Selective Mutism is a severe anxiety disorder characterized by an inability to speak in certain social settings, such as with teachers and peers at school, with extended family, and in public settings.
Selective mutism affects roughly 1 in 140 children, although this is believed to be an underestimate. The disorder interferes with the child’s ability to develop age-appropriate social relationships, demonstrate their knowledge, participate in activities, and advocate for their needs. Without effective treatment, behavioral patterns often become further ingrained over time and as such, harder to treat.
Brighter Outlook is proud to specialize in and offer evidence-based assessment and treatment services for children with Selective Mutism. The goals of our programming are to increase and enhance the speech and social interaction skills of children with Selective Mutism across contexts: school, community, and family.
Our collaboration begins with an assessment that includes the collection of rating scales, a parent interview, a teacher interview or classroom observation, and a play observation. We integrate information on symptoms and impairment and an understanding of your child’s developmental and social history to establish an accurate diagnostic picture and detailed recommendations.
If your child meets the criteria for Selective Mutism and you would like to pursue treatment, we will collaboratively develop an individualized treatment plan that is grounded in research-supported approaches for the treatment of Selective Mutism. For more complicated presentations with multiple presenting needs, we will discuss integrating other treatment approaches, the appropriate sequencing of treatment elements, and other referrals and resources as needed.
The evidence-based treatments we incorporate include Parent-Child Interaction Therapy for SM (PCIT-SM) and exposure and behavioral therapy models. PCIT-SM is a research-supported protocol that teaches parents, teachers, and other caregivers a specific set of skills for reinforcing verbal responses in the context of play interactions. PCIT-SM facilitates the ability of the child to “warm up” and respond to various prompts that are delivered in the right context and with the right timing.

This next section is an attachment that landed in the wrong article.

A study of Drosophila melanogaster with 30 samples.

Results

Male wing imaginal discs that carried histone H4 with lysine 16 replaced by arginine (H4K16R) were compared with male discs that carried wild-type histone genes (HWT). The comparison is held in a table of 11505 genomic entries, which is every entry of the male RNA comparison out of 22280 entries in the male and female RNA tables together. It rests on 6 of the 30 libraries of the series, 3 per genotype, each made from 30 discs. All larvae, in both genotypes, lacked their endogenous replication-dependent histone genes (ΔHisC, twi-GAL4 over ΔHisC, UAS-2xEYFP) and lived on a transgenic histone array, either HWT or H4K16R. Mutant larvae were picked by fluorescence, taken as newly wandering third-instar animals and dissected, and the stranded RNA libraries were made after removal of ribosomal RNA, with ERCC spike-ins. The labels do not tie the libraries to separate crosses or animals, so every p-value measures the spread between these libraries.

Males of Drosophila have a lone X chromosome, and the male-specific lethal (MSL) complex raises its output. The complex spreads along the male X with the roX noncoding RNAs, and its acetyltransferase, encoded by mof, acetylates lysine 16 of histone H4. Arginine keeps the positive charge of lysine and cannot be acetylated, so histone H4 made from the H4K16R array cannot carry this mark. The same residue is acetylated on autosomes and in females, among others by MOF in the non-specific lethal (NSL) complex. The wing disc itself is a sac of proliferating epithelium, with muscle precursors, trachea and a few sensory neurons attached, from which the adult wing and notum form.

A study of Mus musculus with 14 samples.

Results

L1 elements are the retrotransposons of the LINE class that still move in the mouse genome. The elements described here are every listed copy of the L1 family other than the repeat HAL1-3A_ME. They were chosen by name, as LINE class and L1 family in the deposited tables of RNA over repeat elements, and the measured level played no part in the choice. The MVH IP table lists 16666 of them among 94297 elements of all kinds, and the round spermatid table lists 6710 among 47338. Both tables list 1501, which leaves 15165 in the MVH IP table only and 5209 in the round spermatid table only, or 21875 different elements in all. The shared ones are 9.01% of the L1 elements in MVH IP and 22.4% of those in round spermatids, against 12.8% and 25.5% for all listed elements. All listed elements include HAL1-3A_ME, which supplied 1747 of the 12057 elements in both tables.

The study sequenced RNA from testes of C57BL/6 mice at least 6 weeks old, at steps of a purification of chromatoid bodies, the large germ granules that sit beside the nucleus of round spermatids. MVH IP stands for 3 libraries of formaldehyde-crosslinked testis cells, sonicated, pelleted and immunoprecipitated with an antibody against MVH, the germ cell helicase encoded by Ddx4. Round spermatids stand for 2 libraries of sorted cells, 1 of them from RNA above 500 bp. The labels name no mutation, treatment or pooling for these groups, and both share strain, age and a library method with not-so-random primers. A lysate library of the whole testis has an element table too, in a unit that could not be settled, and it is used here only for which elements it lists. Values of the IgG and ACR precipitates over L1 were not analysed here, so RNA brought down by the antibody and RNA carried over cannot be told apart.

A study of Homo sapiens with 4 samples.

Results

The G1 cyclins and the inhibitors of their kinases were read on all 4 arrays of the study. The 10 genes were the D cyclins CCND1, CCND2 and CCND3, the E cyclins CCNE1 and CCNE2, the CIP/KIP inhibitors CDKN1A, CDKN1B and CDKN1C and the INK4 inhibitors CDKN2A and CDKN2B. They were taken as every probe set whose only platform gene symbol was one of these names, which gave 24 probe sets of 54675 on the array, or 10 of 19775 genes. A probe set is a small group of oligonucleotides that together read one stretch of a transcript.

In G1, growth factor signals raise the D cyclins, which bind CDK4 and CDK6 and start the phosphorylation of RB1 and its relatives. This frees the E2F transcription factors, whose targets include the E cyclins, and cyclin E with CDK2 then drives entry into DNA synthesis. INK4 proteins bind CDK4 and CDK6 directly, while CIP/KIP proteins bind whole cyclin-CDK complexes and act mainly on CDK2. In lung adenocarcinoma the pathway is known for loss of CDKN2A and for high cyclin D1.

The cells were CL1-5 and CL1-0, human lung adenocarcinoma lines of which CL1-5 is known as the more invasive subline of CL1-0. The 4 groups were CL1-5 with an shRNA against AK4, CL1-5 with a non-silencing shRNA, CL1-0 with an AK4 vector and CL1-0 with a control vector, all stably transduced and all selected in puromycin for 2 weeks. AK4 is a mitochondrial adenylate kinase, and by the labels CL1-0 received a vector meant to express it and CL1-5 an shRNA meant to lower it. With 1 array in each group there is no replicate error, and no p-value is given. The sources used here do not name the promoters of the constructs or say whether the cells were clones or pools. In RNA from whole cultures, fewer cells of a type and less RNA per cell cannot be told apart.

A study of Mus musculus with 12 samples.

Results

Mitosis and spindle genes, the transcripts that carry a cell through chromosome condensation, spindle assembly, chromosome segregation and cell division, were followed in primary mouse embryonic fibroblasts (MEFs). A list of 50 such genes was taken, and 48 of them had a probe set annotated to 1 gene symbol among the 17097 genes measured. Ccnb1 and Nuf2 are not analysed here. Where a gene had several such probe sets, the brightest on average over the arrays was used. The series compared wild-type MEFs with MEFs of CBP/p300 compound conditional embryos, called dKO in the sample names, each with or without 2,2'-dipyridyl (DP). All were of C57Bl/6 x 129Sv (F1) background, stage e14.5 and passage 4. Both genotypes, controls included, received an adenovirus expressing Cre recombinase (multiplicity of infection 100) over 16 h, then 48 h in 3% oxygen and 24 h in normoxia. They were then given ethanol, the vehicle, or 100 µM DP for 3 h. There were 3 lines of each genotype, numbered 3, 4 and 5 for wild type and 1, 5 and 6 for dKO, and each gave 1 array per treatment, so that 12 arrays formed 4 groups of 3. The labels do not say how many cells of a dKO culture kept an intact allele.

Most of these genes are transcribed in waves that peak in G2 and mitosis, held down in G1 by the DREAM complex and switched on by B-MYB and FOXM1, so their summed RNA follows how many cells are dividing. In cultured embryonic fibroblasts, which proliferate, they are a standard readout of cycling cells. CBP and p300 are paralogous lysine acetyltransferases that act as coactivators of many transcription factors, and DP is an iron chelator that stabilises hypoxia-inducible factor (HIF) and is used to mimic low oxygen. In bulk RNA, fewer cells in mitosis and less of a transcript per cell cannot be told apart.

We discuss and coach these skills in the clinic, on the playground, in community settings, and at school, with the goal of generalizing speech and social interaction to as many contexts as possible. That is, we strive to expand your child’s speaking boundaries and social confidence through step-by-step behavioral exposures that are carefully designed and individualized for your child. Bravery practice typically starts one-to-one in the clinic setting and progresses to community locations such as the library, sweet shop, playground, restaurants, stores, and playdates.
We believe strongly in a systemic approach. This means we work directly with your child’s teachers, childcare providers, coaches, and other involved adults to provide education, coach skills, set realistic and developmentally appropriate treatment goals, develop formal and informal school support plans (e.g., IEP and 504 plans), establish reward systems, track progress, and troubleshoot obstacles. Our work together may include parent training and coaching support, school observations, teacher meetings and consultations, peer dyadic work, direct school-based intervention, and intensive support through our summer camp program.